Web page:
LANGUAGE as a Complex System - Let's Prehend
Let's Prehend
A Manual of Human Ecology and Culture Design

LANGUAGE as a Complex System

The Second Language Acquisition, SLA, scholars - educators, cognitive psychologists, anthropologists as well as linguists - have a lot to say in this lively field, with considerable heat it seems. It looks like a fight between the progressives and conservatives, both being a bit stiff in their positions, as might be expected in an otherwise too stuffy field.

Dr. Diane *Larsen-Freeman gave a talk at UCB[ BERKELEY LANGUAGE CENTER updates programs on , publishes *BERKELEY LANGUAGE CENTER NEWSLETTER, quarterly B-40 Dwinelle Hall #2640, UCB 94704.] 4/13/99 called Chaos/Complexity Theory and Language Acquisition Research.[ Dr. *Larsen-Freeman with Michael Lory? has a book on the subject, LANGUAGE ACQUISITION RESEARCH, TRANSCENDING DIFFERENCES. She is at School for International Training, Battlesborough, Vermont. At UCB, (510) 642-0767 #10. See also the MODERN LANGUAGE JOURNAL, re language as individual - informational and interpersonal - social.] She applied chaos/complexity theory derived from the elegant and popular book CHAOS, by James *Gleick. His twelve aspects of complex systems apply nicely to language, or any other complex system:

  1. Dynamic - Language use constantly changes, synchronic and dischronic, as discussed by Woody Keller and others.
  2. Complex - Craig Reynolds studies the interactivity of flocks of birds, fish, ants as behavior emerges from the interaction of `bolds'. Complex language components include phonology, morphology, syntax, semantics ... discussed in Karl *Popper's EMERGENT GRAMMAR.
  3. Non-linear - Analogous to species, languages evolve. See Kroch's '89 work on the verb `do' centuries ago. Modern use of `I' and `me', `their' gender free for `his' or `hers', and reflexive `she and myself...'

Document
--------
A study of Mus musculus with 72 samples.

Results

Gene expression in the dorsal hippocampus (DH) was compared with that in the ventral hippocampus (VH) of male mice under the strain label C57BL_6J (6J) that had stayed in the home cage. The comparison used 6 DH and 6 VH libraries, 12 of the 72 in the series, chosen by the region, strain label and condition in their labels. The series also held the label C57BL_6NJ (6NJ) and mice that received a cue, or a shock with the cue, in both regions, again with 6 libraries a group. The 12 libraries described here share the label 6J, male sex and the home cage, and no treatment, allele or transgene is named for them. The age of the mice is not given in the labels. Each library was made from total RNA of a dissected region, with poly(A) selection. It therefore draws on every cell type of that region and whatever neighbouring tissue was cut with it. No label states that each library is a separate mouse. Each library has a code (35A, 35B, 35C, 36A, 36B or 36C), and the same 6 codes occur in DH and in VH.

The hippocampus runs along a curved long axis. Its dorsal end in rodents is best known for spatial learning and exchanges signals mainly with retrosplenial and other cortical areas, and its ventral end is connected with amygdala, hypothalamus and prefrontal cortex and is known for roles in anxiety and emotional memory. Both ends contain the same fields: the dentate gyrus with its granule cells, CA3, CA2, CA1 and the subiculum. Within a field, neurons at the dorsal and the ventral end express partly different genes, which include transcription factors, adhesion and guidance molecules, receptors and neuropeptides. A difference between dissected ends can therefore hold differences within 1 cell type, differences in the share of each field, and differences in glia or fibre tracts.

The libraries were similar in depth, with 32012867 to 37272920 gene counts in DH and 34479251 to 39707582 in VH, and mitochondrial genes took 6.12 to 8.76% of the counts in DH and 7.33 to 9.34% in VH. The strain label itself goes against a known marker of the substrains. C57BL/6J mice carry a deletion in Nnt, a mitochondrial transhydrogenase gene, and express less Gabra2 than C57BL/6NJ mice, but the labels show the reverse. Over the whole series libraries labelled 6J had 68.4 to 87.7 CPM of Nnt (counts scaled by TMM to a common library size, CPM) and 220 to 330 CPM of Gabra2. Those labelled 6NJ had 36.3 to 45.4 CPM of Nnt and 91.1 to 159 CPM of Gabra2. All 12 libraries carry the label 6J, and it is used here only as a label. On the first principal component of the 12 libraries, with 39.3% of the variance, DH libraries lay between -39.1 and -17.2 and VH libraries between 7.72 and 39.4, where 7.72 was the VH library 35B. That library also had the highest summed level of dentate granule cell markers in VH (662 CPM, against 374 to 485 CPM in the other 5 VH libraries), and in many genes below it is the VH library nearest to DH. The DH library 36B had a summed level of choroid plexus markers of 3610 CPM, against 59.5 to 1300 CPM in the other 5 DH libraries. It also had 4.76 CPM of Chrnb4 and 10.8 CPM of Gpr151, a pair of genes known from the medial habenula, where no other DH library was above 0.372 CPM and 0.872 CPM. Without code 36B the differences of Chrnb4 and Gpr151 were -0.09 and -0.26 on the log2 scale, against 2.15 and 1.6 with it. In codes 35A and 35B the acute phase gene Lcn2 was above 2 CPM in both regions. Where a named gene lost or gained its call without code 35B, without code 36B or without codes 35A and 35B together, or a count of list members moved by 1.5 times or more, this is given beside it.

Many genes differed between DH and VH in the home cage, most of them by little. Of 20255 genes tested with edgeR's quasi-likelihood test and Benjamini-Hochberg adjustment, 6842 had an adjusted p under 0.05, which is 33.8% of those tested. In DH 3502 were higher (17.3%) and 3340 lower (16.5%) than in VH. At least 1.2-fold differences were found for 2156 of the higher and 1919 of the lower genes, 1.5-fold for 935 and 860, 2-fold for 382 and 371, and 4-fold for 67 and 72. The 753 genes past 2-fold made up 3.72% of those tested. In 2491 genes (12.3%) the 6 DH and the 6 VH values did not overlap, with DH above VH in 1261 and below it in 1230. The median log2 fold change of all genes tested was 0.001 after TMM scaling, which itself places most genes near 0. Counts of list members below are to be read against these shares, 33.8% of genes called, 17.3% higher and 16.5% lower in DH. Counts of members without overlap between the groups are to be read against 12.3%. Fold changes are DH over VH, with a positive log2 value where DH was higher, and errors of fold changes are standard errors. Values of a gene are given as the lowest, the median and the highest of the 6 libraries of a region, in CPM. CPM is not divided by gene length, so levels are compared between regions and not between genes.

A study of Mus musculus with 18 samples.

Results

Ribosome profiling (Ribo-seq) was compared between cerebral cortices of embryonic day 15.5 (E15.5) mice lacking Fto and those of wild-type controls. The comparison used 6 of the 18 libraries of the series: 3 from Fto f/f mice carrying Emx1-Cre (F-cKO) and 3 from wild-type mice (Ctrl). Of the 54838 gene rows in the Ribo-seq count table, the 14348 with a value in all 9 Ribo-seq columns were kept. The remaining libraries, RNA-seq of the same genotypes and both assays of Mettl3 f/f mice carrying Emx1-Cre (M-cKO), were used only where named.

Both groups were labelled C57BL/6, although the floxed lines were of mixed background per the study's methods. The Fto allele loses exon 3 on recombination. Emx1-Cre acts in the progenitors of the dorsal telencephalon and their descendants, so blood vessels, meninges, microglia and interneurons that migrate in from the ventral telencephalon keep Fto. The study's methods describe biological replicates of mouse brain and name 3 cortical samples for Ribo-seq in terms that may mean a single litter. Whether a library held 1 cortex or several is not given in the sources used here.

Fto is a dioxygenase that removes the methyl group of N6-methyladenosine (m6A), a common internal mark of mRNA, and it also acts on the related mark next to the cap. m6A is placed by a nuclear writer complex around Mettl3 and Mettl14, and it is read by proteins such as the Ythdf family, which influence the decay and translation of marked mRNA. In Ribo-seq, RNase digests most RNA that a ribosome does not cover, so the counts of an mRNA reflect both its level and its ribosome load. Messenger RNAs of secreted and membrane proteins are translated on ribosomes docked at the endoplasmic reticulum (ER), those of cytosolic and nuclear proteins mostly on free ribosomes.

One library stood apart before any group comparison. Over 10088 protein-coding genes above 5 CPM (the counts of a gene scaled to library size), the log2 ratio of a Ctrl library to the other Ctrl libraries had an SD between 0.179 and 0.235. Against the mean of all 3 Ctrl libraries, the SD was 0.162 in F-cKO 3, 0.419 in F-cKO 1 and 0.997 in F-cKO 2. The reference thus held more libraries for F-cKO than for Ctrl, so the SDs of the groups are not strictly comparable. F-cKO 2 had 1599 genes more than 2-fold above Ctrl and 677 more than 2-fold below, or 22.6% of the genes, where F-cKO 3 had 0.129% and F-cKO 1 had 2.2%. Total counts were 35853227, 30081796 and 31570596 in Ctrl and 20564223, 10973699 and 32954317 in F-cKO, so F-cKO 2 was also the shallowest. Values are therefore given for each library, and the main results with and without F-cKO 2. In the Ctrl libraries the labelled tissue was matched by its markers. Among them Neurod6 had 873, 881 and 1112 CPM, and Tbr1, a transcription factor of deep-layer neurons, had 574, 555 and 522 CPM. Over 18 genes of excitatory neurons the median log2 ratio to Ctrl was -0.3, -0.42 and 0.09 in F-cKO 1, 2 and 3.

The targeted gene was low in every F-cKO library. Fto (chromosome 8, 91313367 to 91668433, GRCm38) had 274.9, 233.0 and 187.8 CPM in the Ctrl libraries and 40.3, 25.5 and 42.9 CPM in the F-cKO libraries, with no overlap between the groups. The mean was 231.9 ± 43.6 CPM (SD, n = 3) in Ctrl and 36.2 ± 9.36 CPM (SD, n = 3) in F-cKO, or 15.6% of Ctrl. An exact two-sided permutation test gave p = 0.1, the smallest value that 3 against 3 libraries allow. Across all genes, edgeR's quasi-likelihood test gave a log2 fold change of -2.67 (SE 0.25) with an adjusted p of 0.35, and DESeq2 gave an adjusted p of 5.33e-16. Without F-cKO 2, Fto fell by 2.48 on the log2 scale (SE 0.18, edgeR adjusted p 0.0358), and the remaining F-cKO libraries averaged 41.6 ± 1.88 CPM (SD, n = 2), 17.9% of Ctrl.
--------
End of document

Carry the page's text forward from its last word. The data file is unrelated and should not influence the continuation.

4. Chaotic - Changes build up, then break, like the last straw. The rigid grammar pushers finally have to give up and let the language change, except the French, of course. `Chaos' is from the Greek, `before order'.
  5. Unpredictable - Like the weather, "language has not made up its mind." The causality link demanded by recent centuries has given way to the infinite complexity of systems, while computers increasingly allow us to model them. Weather, maybe four days.
  6. Sensitive to initial conditions - The `butterfly effect', reminds us of *Chomsky and others' universal language hardware.
  7. Open - Languages have no edge, no limit, as they expand with other languages, new words, ideas, `memes'y[ see below ].
  8. Self organizing - Systems complicate themselves, grow morphogenically. Jeffry Elman, UCSD makes computer simulations that develop languages from words. Classic HUMAN DESTINY of Lecompte *du Nuit discusses hierarchy of evolutions: Second Law of Thermodynamics energy slows down, biological evolution complicates systems as the Earth cools, cultural and spiritual evolution ...
  9. Feedback sensitive - Interaction between personal usage and media, between dialects, etc. Dynamic of differentiation and conformity.
  10. Adaptive, self organizing - laser light is a simple system. Convergence among ideolects, natural selection in evolution, sleep integration for mind's DIM, languages are `learned'.
  11. Strange Attractors - Like Chomsky's basic grammar, children learn language with a very small sample of language, make up their own with minimum input, much less information than would be needed for `programming'.
  12. Fractals - Patterns are duplicated on large and small scales. Zipfs `power law'. Shroderer in 95 discovered the ten most common words made up 24% of writers with large vocabulary, and close 30% for simple newspaper writing.

Needless to say, common language learning in most schools is a tolerated disaster, slowly improving from these progressive inputs. It seems language is acquired as the learner begins with a few words and phrases, then digests them into a growing organic language, a minor system within herself.

Too often the lessons of the classroom jam the students with details that interrupt this process. An artificial, irrelevant, and distracting `grammar' is promoted to further dominate the hapless pupil's attention. Then testing confirms inadequacy of `learning' - either the pupil has not learned it, or has Aced it by learning the wrong thing. As is common in education, the lesson is "You don't know it. You don't understand it, You are not good at it. And you don't like it." The constant conflict between the RIDlys and the progressives continues, gradually corrected the wayward ways toward an organic acquisition of language.